Near Half of Cancers Due to Lifestyle Choices
Last updated:December 08, 2011
Do you smoke? Are you overweight? Do you drink too much and eat too few fruits and vegetables? Consider yourself warned: More than 40 percent of cancers can be attributed to avoidable lifestyle choices people make, including these, says a new comprehensive analysis in the British Journal of Cancer.
People tend to blame cancer on fate, genes, or "luck of the draw," the lead author of the Cancer Research UK report, researcher Max Parkin, told BBC News. But thousands of cases a year could have been averted by better health habits.
For men, these poor lifestyle choices are mainly smoking tobacco -- which causes 23 percent of cancers in men -- as well as a lack of fresh fruits and vegetables in the diet, exposure to toxins on the job, and excessive alcohol consumption. For women, smoking is also the leading cause of cancer, followed by being overweight, infections, exposure to sun and suntanning beds, lack of fresh fruits and vegetables in the diet, and too much alcohol.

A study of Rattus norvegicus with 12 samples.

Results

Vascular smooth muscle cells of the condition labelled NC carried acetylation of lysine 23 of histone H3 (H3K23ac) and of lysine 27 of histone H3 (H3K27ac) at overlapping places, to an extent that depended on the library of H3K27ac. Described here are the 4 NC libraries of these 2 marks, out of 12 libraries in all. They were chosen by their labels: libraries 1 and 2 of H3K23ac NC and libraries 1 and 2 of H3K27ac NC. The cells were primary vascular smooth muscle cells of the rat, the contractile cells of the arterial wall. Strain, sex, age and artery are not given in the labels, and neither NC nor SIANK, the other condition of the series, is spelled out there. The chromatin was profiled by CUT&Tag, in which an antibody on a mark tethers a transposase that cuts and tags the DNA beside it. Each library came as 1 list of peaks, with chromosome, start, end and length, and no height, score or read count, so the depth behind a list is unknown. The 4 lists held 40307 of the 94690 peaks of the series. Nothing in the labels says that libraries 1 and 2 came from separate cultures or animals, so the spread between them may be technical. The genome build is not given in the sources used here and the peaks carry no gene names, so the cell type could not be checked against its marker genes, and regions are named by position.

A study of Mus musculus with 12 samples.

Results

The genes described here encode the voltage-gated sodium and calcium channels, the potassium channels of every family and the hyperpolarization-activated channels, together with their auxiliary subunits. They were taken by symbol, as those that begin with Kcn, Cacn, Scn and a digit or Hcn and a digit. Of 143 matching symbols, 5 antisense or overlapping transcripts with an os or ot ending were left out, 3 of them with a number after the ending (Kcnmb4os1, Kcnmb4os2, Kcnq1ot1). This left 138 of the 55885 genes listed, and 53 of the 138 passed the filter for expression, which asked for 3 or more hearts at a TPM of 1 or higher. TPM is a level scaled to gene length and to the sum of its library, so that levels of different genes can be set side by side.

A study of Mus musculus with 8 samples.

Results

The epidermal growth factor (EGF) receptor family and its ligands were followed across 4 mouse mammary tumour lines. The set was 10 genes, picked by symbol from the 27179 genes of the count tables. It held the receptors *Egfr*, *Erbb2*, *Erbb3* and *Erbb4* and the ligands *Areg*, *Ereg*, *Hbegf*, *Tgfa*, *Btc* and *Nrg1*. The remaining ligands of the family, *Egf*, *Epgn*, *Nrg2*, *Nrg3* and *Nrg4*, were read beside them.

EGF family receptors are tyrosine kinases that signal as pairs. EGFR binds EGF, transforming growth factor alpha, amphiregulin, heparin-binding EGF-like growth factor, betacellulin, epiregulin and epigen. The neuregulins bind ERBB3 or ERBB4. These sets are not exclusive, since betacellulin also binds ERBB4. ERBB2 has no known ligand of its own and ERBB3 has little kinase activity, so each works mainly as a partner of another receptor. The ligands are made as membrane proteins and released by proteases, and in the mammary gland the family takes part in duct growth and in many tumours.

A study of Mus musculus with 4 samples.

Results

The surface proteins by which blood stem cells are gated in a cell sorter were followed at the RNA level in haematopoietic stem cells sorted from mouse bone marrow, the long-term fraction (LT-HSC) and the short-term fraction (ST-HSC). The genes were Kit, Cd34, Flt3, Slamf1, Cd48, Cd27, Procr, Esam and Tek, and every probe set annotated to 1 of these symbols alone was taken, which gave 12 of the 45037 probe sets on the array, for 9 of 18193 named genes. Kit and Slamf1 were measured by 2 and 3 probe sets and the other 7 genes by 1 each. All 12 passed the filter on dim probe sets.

The researchers noted that more than a third of all cancers are attributable to just four lifestyle factors: smoking, excess weight, poor diet, and alcohol consumption. Specific associations vary by disease and habit. For breast cancer, for example, nearly a tenth of the risk comes from being overweight or obese. For stomach cancer, a fifth of the risk is said to come from consuming too much salt. And of course smoking skyrockets one's risk of lung cancer.
The report looked at 18 different types of cancer over 15 years solely in Great Britain. But the general warnings probably hold equally true for Americans.
Of course -- this means over half of cancers aren't so directly impacted by lifestyle. And that's an equally sobering statistic.